On a hot and sunny Sunday morning at New Brighton Model Boating Lake, Clint Nicholls proudly launched his replica scale model of the Overchurch ferry boat that he had spent 9 months making.
The sea trials went well and the Overchurch majestically made its maiden voyage from one side of the lake to the other. And then, clearly enjoying himself, with the remote control in his hands, Clint guided the boat around the lake for a few laps. And then a few more, just for good luck!
birkenhead.news splashed on the sunscreen and spoke to Clint about his model making hobby on the morning of the launch, Sunday 18 July. “I started doing modelling when I was 10 years old because my brother used to do it. He built aircraft and I was forever watching them crash and get smashed when he flew them!”, he explained.
“So I thought, if I’m going to take up modelling as a hobby, I’m going to do boats because there’s less chance of anything bad happening to them!” he said.
This is Clint’s eighth model Mersey Ferry boat that he has built, after the paddle-powered Birkenhead from 1893, the Rose from 1900, the luggage boat Perch Rock from 1929, the Royal Daffodil and Bidston from 1934, the fish ‘n chip boat, the Royal Iris from 1950, and the Snowdrop, originally the Woodchurch from 1959, and refitted and renamed in 2003.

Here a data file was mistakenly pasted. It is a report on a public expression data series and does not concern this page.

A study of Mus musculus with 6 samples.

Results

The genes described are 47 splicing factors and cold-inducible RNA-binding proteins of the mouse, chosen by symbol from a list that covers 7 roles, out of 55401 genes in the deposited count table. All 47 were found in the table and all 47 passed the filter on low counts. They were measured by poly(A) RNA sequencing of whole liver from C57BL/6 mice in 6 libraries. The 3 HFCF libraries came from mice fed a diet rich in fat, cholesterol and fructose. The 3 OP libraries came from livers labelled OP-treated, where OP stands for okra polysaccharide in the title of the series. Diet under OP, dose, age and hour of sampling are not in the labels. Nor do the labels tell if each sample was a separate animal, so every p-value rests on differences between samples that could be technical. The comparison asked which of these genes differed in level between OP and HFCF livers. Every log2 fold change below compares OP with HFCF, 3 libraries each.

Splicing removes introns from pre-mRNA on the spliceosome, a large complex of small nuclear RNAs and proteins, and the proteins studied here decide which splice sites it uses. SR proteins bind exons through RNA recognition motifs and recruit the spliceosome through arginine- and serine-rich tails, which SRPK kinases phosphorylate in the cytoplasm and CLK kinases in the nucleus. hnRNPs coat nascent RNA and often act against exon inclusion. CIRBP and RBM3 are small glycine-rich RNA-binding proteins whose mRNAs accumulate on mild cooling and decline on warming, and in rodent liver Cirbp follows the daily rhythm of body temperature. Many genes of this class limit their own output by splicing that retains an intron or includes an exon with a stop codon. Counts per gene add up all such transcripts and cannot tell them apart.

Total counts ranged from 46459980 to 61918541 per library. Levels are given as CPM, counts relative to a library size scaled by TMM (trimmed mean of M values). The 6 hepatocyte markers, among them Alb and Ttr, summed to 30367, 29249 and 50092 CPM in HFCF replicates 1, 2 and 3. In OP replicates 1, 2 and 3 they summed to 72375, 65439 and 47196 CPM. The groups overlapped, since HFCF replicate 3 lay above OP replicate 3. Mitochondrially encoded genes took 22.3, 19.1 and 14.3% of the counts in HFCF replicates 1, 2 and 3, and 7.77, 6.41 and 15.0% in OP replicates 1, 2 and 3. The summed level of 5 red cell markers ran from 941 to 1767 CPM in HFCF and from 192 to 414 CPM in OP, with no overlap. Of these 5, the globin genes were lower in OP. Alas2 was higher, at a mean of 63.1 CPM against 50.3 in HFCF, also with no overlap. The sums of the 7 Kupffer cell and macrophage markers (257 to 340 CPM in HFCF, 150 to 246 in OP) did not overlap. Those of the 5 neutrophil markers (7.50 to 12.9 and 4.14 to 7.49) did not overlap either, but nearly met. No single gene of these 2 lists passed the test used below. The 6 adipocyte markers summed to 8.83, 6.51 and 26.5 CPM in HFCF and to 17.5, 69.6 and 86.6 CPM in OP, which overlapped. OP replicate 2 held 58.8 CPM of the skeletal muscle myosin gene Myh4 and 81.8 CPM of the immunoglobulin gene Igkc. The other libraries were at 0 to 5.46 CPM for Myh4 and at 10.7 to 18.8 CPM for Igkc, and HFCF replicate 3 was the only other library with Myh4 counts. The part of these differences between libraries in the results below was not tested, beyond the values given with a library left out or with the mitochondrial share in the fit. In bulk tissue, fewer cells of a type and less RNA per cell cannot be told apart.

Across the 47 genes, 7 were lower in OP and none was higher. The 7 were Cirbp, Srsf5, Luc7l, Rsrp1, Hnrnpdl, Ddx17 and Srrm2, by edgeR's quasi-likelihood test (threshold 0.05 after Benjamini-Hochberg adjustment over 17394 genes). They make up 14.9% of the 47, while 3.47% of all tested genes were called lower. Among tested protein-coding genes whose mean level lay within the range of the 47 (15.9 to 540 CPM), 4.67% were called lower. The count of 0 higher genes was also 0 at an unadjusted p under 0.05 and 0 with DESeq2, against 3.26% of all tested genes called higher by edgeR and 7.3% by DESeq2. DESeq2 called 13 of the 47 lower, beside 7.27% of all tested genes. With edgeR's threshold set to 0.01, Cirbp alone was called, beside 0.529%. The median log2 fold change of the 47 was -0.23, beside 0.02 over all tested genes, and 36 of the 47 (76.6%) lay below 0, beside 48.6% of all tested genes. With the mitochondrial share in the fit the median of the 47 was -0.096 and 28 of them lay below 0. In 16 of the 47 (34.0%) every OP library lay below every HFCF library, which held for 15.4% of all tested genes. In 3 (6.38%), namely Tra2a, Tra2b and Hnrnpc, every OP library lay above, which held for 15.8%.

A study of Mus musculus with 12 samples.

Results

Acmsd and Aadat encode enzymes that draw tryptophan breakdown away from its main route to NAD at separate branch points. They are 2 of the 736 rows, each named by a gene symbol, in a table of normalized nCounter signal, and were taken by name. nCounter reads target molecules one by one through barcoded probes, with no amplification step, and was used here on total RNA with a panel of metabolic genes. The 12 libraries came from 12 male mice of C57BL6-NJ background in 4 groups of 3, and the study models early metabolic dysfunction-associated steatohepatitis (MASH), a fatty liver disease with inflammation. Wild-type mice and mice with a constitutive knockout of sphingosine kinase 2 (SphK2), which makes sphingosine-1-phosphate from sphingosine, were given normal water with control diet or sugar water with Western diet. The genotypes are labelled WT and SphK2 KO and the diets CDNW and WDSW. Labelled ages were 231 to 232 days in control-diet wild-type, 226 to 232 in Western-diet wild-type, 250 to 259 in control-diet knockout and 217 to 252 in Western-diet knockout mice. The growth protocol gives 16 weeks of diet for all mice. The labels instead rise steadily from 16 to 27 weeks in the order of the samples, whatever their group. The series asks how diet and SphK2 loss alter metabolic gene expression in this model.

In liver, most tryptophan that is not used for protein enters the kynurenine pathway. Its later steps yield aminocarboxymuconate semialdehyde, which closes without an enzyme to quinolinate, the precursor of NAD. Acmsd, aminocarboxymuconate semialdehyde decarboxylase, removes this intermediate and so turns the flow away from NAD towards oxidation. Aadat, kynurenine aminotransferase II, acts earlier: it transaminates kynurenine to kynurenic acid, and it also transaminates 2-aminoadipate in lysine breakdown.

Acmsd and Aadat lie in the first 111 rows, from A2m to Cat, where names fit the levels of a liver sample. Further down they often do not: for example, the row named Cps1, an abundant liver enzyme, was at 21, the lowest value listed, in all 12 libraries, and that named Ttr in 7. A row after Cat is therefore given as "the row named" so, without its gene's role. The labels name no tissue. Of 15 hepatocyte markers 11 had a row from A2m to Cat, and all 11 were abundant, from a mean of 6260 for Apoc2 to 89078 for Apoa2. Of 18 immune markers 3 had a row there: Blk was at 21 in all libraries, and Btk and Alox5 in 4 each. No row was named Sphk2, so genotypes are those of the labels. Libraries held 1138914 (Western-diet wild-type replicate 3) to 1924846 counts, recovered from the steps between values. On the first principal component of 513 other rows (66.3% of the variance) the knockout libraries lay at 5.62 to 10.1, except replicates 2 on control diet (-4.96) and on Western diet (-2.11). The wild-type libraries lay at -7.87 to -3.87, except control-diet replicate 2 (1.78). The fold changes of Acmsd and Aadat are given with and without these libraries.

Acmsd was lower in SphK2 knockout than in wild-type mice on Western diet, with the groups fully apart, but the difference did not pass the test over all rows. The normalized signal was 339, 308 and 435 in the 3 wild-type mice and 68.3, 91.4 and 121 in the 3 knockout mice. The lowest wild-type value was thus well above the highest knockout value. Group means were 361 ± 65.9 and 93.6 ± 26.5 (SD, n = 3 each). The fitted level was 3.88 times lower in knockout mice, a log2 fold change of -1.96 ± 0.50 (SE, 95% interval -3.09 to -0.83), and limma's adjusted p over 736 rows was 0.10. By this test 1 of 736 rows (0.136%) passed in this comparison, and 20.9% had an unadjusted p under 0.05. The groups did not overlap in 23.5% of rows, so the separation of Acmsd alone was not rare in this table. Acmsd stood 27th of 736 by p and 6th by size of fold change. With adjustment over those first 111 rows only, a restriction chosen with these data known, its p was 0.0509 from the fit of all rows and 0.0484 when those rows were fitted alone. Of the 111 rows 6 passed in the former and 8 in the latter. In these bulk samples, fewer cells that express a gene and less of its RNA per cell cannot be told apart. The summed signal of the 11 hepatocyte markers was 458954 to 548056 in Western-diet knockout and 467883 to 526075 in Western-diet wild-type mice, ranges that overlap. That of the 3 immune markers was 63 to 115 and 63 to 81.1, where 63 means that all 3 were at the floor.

So, where does he keep them all? “Oh, they’re all over the house!”, he said, “There’s too many to fit on top of the telly!”
A member of Hoylake Model Boat Club provided Clint with the plans for him to be able to build the Overchurch, but in some cases, he has to work just from photographs and create his own drawings.
On his latest model, the Overchurch, he said, “The Overchurch was built at Cammell Laird in 1962 and the renamed it in 2000 after doing some work on it.” It takes a long time to make the models, Clint said. “It’s taken just on nine months, about 900 hours at roughly 100 hours a month – it’s a labour of love!”